Lifetime Achievement

As it turned out, I simply spoke from the heart, appreciated the moment, and felt proud and privileged to get to share such a profound moment with my daughter, Bella and a few good friends.

So here's what I didn't say:

Photo by Steve Prue

When I was only 19, it was my good fortune to know a wise fellow musician-friend named Jeremy Stuart, who said a number of things that stuck with me all these years.

First: "Don't follow. Lead."  If you can create your own market, you set the trend and own the market, thus raising the potential for longevity in your chosen field. Seems simple, but it's not. Some of that goal is luck, I admit, but I think the secret to how to actually DO that is summed up in another popular phrase, "Follow your heart." What a deceptively simple-sounding concept that is actually incredibly difficult to learn and practice.    photo by Steve Prue

For one thing, you first have to learn how to actually be in touch with your heart, how to hear it. Then you have to be willing to trust those subtle messages, even though they may seem, almost always seem, a bit crazy. Then you have to be courageous enough to actually take action on those messages.

Over the years I have come to believe that taking action on an intuitive, creative inner message is like making a deal with Creativity itself. The more I am willing to trust my heart, my creative inner voice, the more It's willing to trust me and communicate with me. Sounds kind'a crazy, I suppose, but it seems to work for me. For some reason, Creativity is like a muscle that needs to be constantly flexed. I think of it as "a spiritual practice." A deal I make with my higher-self. Why not?

Stephen King once said he has to write every day, or he starts to dry up, to go crazy with the self repression and the self-defeating inner dialogues. (He would say that, I expect.)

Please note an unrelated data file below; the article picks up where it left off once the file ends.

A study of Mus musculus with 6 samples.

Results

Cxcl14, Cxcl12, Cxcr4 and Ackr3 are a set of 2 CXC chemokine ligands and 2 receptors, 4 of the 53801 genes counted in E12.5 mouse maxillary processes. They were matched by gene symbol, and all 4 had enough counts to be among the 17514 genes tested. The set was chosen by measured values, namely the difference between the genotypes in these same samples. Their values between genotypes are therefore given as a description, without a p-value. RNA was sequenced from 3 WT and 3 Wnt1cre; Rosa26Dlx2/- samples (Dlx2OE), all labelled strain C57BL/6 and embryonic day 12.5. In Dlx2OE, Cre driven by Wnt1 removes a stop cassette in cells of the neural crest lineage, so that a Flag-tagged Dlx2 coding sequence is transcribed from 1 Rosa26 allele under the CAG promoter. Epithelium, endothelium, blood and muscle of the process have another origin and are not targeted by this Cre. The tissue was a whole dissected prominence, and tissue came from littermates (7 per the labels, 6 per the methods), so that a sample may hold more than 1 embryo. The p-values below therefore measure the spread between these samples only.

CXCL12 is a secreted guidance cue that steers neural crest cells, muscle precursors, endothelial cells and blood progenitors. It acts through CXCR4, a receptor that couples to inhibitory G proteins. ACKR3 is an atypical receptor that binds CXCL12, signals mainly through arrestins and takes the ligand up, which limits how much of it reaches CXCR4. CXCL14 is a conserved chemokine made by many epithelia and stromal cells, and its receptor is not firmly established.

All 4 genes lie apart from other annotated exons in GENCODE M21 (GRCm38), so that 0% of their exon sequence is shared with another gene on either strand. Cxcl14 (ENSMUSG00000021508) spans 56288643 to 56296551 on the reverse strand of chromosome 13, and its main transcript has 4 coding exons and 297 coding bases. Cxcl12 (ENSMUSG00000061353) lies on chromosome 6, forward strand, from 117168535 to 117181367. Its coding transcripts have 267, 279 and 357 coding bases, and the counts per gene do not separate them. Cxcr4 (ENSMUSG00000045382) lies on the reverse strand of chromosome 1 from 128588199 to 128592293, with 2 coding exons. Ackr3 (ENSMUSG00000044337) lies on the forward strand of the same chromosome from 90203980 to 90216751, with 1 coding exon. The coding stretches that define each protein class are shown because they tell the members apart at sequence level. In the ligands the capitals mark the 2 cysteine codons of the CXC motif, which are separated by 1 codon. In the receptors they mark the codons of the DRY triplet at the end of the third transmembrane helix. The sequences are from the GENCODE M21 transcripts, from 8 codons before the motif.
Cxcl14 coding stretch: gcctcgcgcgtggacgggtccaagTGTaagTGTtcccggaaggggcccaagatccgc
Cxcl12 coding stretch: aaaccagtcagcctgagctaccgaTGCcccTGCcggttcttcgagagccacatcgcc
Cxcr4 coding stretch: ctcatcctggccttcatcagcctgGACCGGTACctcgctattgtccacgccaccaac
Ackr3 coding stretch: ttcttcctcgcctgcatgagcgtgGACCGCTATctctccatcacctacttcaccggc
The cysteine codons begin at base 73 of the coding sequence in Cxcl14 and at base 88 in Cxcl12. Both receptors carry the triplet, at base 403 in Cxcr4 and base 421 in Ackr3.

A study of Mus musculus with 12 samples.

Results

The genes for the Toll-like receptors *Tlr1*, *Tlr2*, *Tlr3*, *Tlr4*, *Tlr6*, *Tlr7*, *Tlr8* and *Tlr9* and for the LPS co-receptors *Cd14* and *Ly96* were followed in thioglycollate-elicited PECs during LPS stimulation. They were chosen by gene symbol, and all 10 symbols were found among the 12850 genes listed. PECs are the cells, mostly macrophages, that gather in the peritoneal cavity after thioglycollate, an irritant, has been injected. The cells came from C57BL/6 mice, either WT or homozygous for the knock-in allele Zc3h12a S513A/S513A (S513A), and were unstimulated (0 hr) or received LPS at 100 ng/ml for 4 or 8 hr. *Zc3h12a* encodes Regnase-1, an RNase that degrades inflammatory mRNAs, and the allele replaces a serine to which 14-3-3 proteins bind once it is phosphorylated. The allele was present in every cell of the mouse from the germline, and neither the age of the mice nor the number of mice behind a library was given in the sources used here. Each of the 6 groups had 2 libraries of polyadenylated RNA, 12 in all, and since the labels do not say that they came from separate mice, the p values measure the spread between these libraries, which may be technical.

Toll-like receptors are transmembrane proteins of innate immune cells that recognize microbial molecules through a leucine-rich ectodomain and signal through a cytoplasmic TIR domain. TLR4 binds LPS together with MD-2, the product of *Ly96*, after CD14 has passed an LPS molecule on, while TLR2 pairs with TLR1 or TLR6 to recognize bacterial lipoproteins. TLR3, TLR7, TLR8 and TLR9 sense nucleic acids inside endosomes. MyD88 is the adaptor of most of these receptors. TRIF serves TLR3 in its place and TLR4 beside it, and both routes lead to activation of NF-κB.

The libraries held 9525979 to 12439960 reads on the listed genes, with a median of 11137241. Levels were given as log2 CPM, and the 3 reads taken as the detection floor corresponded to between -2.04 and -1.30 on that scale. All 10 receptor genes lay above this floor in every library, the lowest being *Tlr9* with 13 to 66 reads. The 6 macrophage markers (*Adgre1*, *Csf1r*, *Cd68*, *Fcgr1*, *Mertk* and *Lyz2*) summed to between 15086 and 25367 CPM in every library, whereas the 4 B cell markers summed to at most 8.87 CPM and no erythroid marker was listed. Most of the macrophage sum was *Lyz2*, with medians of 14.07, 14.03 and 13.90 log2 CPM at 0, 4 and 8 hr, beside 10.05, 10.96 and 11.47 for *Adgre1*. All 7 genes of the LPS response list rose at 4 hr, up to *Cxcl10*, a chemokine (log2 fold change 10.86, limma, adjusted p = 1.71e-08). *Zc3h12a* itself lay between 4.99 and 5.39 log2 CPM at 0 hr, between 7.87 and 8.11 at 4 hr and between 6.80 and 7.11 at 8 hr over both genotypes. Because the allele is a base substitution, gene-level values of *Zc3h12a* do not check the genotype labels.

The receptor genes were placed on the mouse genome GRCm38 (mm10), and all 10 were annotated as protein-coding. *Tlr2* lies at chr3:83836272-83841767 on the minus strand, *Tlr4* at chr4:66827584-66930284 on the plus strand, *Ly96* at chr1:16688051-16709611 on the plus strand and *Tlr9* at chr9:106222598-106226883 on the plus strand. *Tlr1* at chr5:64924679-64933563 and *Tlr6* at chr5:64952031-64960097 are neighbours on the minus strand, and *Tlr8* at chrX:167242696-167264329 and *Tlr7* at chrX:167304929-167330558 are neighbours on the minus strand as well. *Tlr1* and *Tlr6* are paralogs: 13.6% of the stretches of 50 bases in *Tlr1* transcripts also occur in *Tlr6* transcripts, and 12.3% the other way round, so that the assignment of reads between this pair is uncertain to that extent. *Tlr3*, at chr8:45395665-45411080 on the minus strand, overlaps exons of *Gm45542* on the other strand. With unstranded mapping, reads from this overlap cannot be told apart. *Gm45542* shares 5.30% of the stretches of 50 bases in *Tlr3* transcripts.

A word of warning: the first thing the mind will want to do is get itself back in charge of your world, so in the throws of a creative flash, you may find yourself thinking, "Oh, I'm sure someone already thought of that," well ... I'd consider that a clue that I'm onto something. So, take a beat…and take a good look at what just came thru, and simply humor yourself for a minute. Look to see what about that idea is fresh, different, maybe even possible. Don't dismiss it till you've given it a moment to hatch. Don't "kill it in the cradle," as a songwriter friend of mine used to say.

For some reason, the mind and the heart have been waging a centuries old battle that continues to this day within each of us, and when ever I start to get close to a fresh spark, my mind will often attempt to extinguish that spark, almost as a knee-jerk reaction. I think the nature of "the mind" is to protect us from harm, and I think it was trained centuries ago to "protect us" from being different. Even though it's not really needed in that capacity any more, at least in most of the United States, the mind is still busy doing it's designated job of "keeping us safe." "Don't break from the herd. Don't stand out or someone will try to knock you down," is it's primary directive. I suspect this is natural selection at work, "survival of the fittest" in a bit of a worn-out wrapper. (Truth be told, some cultures are still run by that axiom, and ingenuity can be almost eliminated by it.)

But I believe the artists and inventors of the world are celebrated primarily for their ability, their willingness to reinvent the wheel. The more you are not constrained inside that box, the more creative you can be. But it takes vision and courage to escape, and maybe a little craziness too.

In my case, I confess, it has always been my biggest challenge. Yet I learned how to hear my heart from a teacher I met in my 30's, and following it has been getting progressively easier ever since then. In that way, I have slowly, inadvertently, found ways to reinvent myself. Just by following what feels good, and letting my voice, the one who sings, express that feeling.

Looking back, I was lucky that I always had a very powerful inner spirit that took charge of my destiny, even when I might have wished I could be someone else. Most writers will tell you that when they did do their best work, it felt as if someone else was doing the writing. We often hear about a songwriter sitting back after creating something really good, and saying, "Did I do that?" That's what I'm talking about. Ancients called that ephemeral spark their "Muse." I believe it to be the inner voice that, when we are at our best, sidesteps the mind and takes over the task. I call it 'the heart" or "spirit." You may call it whatever you like, but I'm willing to bet money, if you've got the gift, you've felt the feeling.